Irish Aeronautical Engineer and award-winning STEM advocate, Dr. Norah Patten, recently presented scholarships to eleven University College Cork (“UCC”) students at a virtual awards ceremony as part of the Johnson & Johnson Ireland (“J&J”) Women in STEM2D (WiSTEM2D) Awards Programme.
WiSTEM2D refers to Women in Science, Technology, Engineering, Mathematics, Manufacturing and Design. The WiSTEM2D programme underlines J&J’s commitment to developing and implementing high-impact strategies to support female students undertaking STEM2D degree courses at UCC and in universities around the world.
Speaking at a virtual awards ceremony held for UCC’s eleven successful students, Dr. Norah Patten congratulated the recipients of the J&J scholarship and highlighted the gender imbalance that continues to exist in STEM fields. “This is a wonderful opportunity for the successful applicants to benefit from mentorship and training with industry professionals in J&J. A recent study by the Department of Education’s STEM Education Implementation Advisory Groupfound that there are significant gender imbalances in STEM subject choices made by male and female students at the post-primary level in Ireland, and that it is critical to encourage greater participation of girls in these subject areas. This programme is an important initiative which serves to support and encourage these female students who, although still in a minority, have made it into the STEM field, and this is crucial to keep them in the sector going forward.”
Eleven students were selected to receive scholarships at the virtual awards ceremony, following a rigorous application process and one-to-one interviews. This year’s successful students are:
- Amy O’Reilly, Biochemistry, Minane Bridge
- Daisy Garde, Biological and Chemical Sciences, Bandon
- Julia Sheehan, Financial Maths and Actuarial Science, Douglas
- Katie M. O’Brien, Biomedical Science, Buttevant
- Niamh Lehane, Mathematical Sciences, Ovens
- Rachel Lynch, Chemistry of Pharmaceutical Compounds, Carrigaline
- Rose Delaney, Electrical and Electronic Engineering, Laois
- Ruby Millet, Physics and Mathematical Sciences, Kilkenny
- Ruth Bergin, Data Science and Analytics, Laois
- Ruth Delahunty, Biomedical Science, Kilkenny
- Tara Stuart Clancy, Physics and Astrophysics, Carrigaline
Speaking about the impact of the awards programme, past recipient Jessica Silva said “This programme shaped my career trajectory. With the support of a J&J mentor and the network I was able to build, I quickly found myself feeling empowered, confident and fully believing in my worth. Upon completing my degree in Biomedical Engineering, I was very fortunate to join J&J’s Global Operations Leadership Development program. I have had the opportunity to live in three different countries, experience different sectors and hold four different positions in the last 2.5 years. I will always be grateful for the WiSTEM2D programme and the role it has played in my career.”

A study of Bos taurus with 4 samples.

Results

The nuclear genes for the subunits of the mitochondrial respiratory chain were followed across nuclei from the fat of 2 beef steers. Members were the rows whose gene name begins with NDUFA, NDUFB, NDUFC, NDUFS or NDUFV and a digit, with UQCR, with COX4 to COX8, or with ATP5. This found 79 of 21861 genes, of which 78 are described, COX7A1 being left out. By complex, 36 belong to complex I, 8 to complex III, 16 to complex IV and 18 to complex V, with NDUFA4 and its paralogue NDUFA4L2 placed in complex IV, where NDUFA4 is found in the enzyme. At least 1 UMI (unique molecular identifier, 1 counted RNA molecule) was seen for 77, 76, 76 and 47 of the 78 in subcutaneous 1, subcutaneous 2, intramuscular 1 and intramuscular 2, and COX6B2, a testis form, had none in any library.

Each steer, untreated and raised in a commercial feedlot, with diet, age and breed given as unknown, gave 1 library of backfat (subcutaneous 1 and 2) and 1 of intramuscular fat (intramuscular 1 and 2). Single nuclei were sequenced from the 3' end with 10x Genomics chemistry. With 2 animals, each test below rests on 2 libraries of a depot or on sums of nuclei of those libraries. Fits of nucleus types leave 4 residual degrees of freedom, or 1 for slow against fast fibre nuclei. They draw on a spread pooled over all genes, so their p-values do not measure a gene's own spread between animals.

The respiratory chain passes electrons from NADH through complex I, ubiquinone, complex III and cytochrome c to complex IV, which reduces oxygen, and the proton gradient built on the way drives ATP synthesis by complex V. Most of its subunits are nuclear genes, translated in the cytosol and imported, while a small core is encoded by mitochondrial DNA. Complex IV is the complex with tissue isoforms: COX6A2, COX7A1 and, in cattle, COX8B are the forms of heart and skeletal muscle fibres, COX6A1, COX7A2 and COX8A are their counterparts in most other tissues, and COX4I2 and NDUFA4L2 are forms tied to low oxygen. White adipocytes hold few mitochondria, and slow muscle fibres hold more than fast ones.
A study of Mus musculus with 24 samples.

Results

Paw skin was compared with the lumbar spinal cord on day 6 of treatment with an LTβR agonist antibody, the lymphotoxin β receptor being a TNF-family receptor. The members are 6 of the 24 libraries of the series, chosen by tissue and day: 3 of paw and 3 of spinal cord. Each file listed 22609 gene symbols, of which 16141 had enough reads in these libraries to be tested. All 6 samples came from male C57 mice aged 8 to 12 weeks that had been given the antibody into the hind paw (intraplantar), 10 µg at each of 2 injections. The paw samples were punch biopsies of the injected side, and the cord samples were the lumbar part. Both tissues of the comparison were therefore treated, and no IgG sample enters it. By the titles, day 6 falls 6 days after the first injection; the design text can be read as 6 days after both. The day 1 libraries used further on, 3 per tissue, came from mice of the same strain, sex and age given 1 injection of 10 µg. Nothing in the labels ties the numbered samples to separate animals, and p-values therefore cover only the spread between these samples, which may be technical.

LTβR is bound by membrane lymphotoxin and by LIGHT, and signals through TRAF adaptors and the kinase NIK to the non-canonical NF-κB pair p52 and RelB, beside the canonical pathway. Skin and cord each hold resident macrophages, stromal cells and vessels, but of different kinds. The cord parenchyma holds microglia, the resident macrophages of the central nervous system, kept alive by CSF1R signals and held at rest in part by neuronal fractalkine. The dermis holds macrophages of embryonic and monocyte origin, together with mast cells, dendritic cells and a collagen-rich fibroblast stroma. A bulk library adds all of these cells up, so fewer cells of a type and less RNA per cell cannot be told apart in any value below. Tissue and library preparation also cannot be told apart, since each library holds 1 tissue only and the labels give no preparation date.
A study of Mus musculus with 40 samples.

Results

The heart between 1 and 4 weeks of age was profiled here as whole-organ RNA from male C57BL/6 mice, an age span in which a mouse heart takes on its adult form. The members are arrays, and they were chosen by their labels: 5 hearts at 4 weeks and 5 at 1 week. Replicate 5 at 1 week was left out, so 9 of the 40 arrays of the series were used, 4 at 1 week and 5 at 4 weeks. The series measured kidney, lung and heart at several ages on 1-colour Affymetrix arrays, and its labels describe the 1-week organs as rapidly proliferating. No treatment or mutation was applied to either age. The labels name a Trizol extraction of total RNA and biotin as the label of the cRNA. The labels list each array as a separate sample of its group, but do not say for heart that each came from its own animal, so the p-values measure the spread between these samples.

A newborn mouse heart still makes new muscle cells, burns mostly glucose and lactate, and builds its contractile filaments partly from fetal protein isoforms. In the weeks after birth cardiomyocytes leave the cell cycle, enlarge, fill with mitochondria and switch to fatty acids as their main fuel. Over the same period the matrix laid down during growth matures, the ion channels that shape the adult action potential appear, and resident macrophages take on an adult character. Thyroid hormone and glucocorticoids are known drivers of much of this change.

Eleven scholarship winners and fifteen runners-up will benefit from extensive industry mentoring and leadership training as part of J&J’s WiSTEM2D programme. Now in its third year, the impact of COVID-19 sees the J&J WiSTEM2D programme move to a virtual format, providing students with virtual site visits and regular online mentoring sessions.
Speaking about the move to a virtual format, Anna Rafferty, Johnson & Johnson WiSTEM2D University Lead and Director of Strategy, Johnson & Johnson Ireland, “This year we are working doubly hard to support students as they adapt to remote learning and continue their pursuit of STEM2D careers. Women are still under-represented in the STEM workforce in Ireland. At J&J, we recognise the importance of supporting women early in their careers, so that we can help develop a talent pipeline of future female STEM leaders. Our Johnson & Johnson colleagues are committed to delivering this high intensity programme through virtual mentoring, virtual site visits and ensuring that these promising young women don’t miss out on any opportunities despite the challenges of the pandemic.”
Professor Sarah Culloty, Head of the College of Science, Engineering & Food Sciences, at UCC, said “This year has been truly challenging for all of our students who have missed out on so many of the usual opportunities available to them. The continuation of the J&J WiSTEM2D programme in UCC underlines J&J’s commitment to supporting our students and the continuing endeavour to bridge the gap between male and female representation in STEM despite the restrictions of COVID-19.”
Recipients of the J&J scholarship were presented with bespoke framed glass artwork created by Fermoy-based artist, Suzanne O’Sullivan.